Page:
Friday, November 26, 2010
stage fright and oil pastel landscapes
Well in the last week I have amassed over 100 followers who now look at my blog. I also got put on another top blog list. To some this might mean blogging victory...to me it means stage fright. I started this as a place to keep my lessons and vent. Then as a place to record for myself what the students artwork looked like from year to year. I feel like the more people who read my blog the more awesome it needs to be, the more insightful the dialog, the more impressive the projects and end result from my students. That is not really pressure I am looking for. Hence my stage fright. I'm also feeling more hesitant to talk about my personal struggles at my school. The more people reading my blog the higher the chance that someone will suss me out and rat me out to my school/my district? Then again, it seems of all the people who read my blog who show their personal info the closest person is in Seattle...well aside from a few of my personal friends. So I'm probably being paranoid. For now I will try to pretend/hope that only 20 people actually read my writing and the rest just scan my photos for lesson ideas and move along.
Onto the art. The oil pastels I can buy from my district wear house drive me nuts. I've always been unhappy with their lack of vibrancy, lack of coverage, how absurdly fast they are gone and how easily they break and the fact that they wont blend. To me a major part of using oil pastels is their ability to blend giving you new colors and a painterly effect. With my district ones one color just slides over the other or balls up. Very frustrating. To my great joy the kindergarten teacher was cleaning out her closets between conferences on Tuesday and found some boxes of Crayola oil pastels that a parent had brought in years ago. She did not want them and gave them to me. I promptly tried them out (the octagonal ones) Wow! I hate to be a brand whore but those Crayola's are a LOT better than the school's generic ones. I know what I will be using my next five weeks worth of Jo-anns coupons buying.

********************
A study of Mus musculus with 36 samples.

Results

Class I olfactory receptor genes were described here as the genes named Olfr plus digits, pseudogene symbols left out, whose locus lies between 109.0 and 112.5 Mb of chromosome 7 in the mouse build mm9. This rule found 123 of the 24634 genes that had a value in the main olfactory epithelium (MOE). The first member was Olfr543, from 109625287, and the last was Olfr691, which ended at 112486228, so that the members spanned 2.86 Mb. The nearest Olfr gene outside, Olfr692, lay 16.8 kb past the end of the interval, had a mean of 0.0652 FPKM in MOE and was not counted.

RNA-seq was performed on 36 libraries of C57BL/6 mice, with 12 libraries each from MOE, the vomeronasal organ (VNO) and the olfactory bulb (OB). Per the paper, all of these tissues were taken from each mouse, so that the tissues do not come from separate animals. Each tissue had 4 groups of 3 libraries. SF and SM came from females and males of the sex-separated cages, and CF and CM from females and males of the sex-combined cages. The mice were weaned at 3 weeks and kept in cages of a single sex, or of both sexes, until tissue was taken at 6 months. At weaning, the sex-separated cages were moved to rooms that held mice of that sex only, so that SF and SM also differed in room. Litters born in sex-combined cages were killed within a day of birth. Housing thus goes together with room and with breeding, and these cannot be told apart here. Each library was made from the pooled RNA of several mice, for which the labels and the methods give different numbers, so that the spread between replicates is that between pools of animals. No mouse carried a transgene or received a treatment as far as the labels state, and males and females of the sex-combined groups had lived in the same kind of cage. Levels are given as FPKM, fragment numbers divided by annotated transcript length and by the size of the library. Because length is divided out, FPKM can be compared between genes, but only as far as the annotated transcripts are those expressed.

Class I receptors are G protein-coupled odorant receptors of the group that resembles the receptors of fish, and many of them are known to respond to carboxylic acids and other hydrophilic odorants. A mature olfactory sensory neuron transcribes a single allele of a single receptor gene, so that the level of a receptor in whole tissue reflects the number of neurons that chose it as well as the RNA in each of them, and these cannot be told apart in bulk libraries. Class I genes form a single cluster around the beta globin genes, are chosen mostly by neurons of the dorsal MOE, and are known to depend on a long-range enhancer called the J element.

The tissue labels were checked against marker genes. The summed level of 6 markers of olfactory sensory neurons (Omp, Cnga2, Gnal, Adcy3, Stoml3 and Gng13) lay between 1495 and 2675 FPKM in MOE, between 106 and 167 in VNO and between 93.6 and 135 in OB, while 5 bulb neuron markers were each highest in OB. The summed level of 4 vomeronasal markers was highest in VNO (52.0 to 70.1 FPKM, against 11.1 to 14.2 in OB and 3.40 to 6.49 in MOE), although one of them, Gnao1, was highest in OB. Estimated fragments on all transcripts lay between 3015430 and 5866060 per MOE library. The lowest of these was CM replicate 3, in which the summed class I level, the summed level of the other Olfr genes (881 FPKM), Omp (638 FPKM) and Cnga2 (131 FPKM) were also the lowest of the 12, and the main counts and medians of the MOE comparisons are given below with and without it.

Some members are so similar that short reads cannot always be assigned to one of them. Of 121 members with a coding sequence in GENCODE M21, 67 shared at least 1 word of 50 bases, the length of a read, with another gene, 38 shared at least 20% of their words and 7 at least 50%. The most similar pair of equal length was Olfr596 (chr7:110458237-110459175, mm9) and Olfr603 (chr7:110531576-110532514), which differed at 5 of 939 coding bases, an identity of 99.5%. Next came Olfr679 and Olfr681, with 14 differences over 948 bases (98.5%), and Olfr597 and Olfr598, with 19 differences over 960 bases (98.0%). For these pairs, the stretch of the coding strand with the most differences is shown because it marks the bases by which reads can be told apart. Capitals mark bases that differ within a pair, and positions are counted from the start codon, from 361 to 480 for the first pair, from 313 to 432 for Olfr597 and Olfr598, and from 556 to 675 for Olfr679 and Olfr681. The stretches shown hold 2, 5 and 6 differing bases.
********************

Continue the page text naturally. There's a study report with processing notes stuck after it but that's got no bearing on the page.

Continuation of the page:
To the project at hand. It is a good standby for teaching landscape, warm and cool colors and using up the little bits of old oil pastels. I usually do this project with 3rd grade as they have the small motor control to draw with the glue. This lesson took 1 20 min session and 1 35 min session. We started by talking about foreground, mid ground and background. We made a practice sketch on white paper. We make a wave line at the bottom of the paper. Then we added hills/mountains for the mid ground. Finally we made a circle in the background and used concentric circles to fill the sky area.
After they made their practice sketch I gave each student their black paper and had them make their final drawing with pencil. I then showed them how to go over their lines with white glue. I emphasize that the tip of the glue bottle MUST touch the paper or the will get a blobby mess.
Set the papers FLAT to dry. During the next session I had the kids use the left over bits of oil pastel to color the for and mid ground in cool colors and the sky in warm colors. In the past I have let the kids choose to use cool colors in the sky and warm on the ground. Either way looks good. Lots of people use chalk pastels for this lesson, but then you have to spray to fix.